Its announcement in July that it would evict asylum seekers in Glasgow by simply changing the locks on their doors without going through due legal process triggered a wave of protests. For the time being at least Serco has backed down.
Not least amongst those who raised their voices in righteous anger were Glasgow City Council officials and members of the ruling SNP Group. Media reports referred to “distraught council officials” who complained that “they had been given no meaningful warning” by Serco. SNP councillor Jennifer Layden, the Council’s equality and human rights spokesperson, said that the Council had been “completely blindsided” and that Serco had failed to carry out “proper consultation or engagement”.
Layden and SNP Council leader Susan Aitken, along with local Labour and Green politicians, signed a “strongly worded” letter to the Home Office demanding that it instruct Serco to end its policy of eviction through lock changes. But now it turns out, largely due to Freedom of Information requests, that the City Council and Serco had in fact reached agreement on evicting asylum seekers through lock changes.
A “Move On Protocol (Negative Households)”, which has the Serco and Glasgow City Council logos on its front page, specifies the use of lock changes to evict asylum seekers. Two template letters included as appendices likewise specify the use of lock changes. E-mail exchanges dating as far back as April also reveal that officials and councillors were aware of the plans to introduce a policy of lock changes.
A Serco e-mail from April, for example, states: “It (the meeting) was useful to get a sense of the general consensus in terms of action around negative cases. … I would like Serco to take some proactive steps in plotting lock change notices (prior to the next meeting). ”Another Serco e-mail, dated 29th June, reports: “The meeting with Jen Layden went well earlier this week, and politically she understands the need for Serco to explore lock changes for negative cases – she has agreed to assist in managing some of the political messaging on that if required. ”A Serco e-mail sent to Layden on 19th July states: “It is likely we will begin this piece of work (i. e. implementing lock changes) week commencing 30th July, and ahead of then we will be issuing communications to key stakeholders.”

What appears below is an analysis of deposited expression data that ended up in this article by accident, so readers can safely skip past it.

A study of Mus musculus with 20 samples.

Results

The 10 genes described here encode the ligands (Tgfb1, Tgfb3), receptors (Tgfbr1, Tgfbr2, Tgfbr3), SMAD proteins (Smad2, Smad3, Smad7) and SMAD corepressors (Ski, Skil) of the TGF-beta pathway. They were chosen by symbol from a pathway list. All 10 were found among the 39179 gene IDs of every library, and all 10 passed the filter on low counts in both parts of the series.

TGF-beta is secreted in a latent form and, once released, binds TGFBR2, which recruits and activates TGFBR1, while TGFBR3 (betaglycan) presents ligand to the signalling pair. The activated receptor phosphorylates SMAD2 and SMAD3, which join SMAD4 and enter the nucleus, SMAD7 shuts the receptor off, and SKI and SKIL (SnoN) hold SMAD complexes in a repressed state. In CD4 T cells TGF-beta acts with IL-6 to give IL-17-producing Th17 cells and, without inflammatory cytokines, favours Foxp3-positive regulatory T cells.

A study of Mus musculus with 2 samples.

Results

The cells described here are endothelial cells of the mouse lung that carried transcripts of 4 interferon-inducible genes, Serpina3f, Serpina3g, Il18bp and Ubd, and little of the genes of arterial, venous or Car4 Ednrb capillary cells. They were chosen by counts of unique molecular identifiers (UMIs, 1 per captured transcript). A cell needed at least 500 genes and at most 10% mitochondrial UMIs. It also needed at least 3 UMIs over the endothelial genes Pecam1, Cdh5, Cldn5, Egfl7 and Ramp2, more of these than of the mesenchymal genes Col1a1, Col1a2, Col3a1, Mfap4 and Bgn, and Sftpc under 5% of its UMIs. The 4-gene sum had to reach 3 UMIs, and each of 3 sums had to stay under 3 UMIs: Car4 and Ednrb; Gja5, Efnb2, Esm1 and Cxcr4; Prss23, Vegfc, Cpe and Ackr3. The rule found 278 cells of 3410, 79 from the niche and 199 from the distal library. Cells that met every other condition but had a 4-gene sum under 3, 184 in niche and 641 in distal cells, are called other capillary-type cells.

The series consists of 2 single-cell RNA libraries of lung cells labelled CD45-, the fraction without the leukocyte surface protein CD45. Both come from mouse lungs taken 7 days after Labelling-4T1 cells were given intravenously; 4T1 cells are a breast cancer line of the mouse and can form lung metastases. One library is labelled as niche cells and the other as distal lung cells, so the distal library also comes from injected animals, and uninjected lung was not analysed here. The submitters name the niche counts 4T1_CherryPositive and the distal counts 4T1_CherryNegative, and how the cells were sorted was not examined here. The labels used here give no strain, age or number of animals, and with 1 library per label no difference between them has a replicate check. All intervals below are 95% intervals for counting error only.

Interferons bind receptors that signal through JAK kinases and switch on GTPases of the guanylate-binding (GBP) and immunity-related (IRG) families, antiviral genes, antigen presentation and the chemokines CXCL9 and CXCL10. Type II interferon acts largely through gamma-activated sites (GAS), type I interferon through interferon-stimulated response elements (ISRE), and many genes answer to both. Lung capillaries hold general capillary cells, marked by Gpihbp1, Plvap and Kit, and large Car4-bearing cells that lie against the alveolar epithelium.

Layden now claims that she promised no help in “political messaging” and that she did not read the e-mail of 19th July as she was on holiday. But, at a minimum, the “Move on Protocol” and e-mail exchange are fatal to claims that the council had been “completely blindsided”. Green councillor Kim Long has demanded an investigation by the Council Scrutiny Committee into the events leading up to Serco’s announcement of its lock change policy, and also the release of all relevant minutes of meetings by the Director of Health and Social Care. Motions about asylum seekers have been tabled for this week’s council meeting by the SNP (more money and powers for the City Council) and the Greens (joint council-voluntary sector provision of emergency accommodation for asylum seekers). But where is Glasgow Labour Group in all of this?
There is no sign of any attempt to track down internal e-mails or minutes of meetings. And no statements about the cover-up, nor a motion on asylum seekers for the Council meeting. And this in spite of the fact that it was successive Blair Labour governments which pioneered a “hostile environment” and created a separate “support” system for asylum seekers.
The Tories subsequently privatised that system. But the system itself was created by Labour. Instead of consoling itself with fantasies that there are about to be mass desertions from the SNP Group – there won’t be – the Labour Group should be exposing SNP mendacity and taking the lead in defending asylum seekers' rights.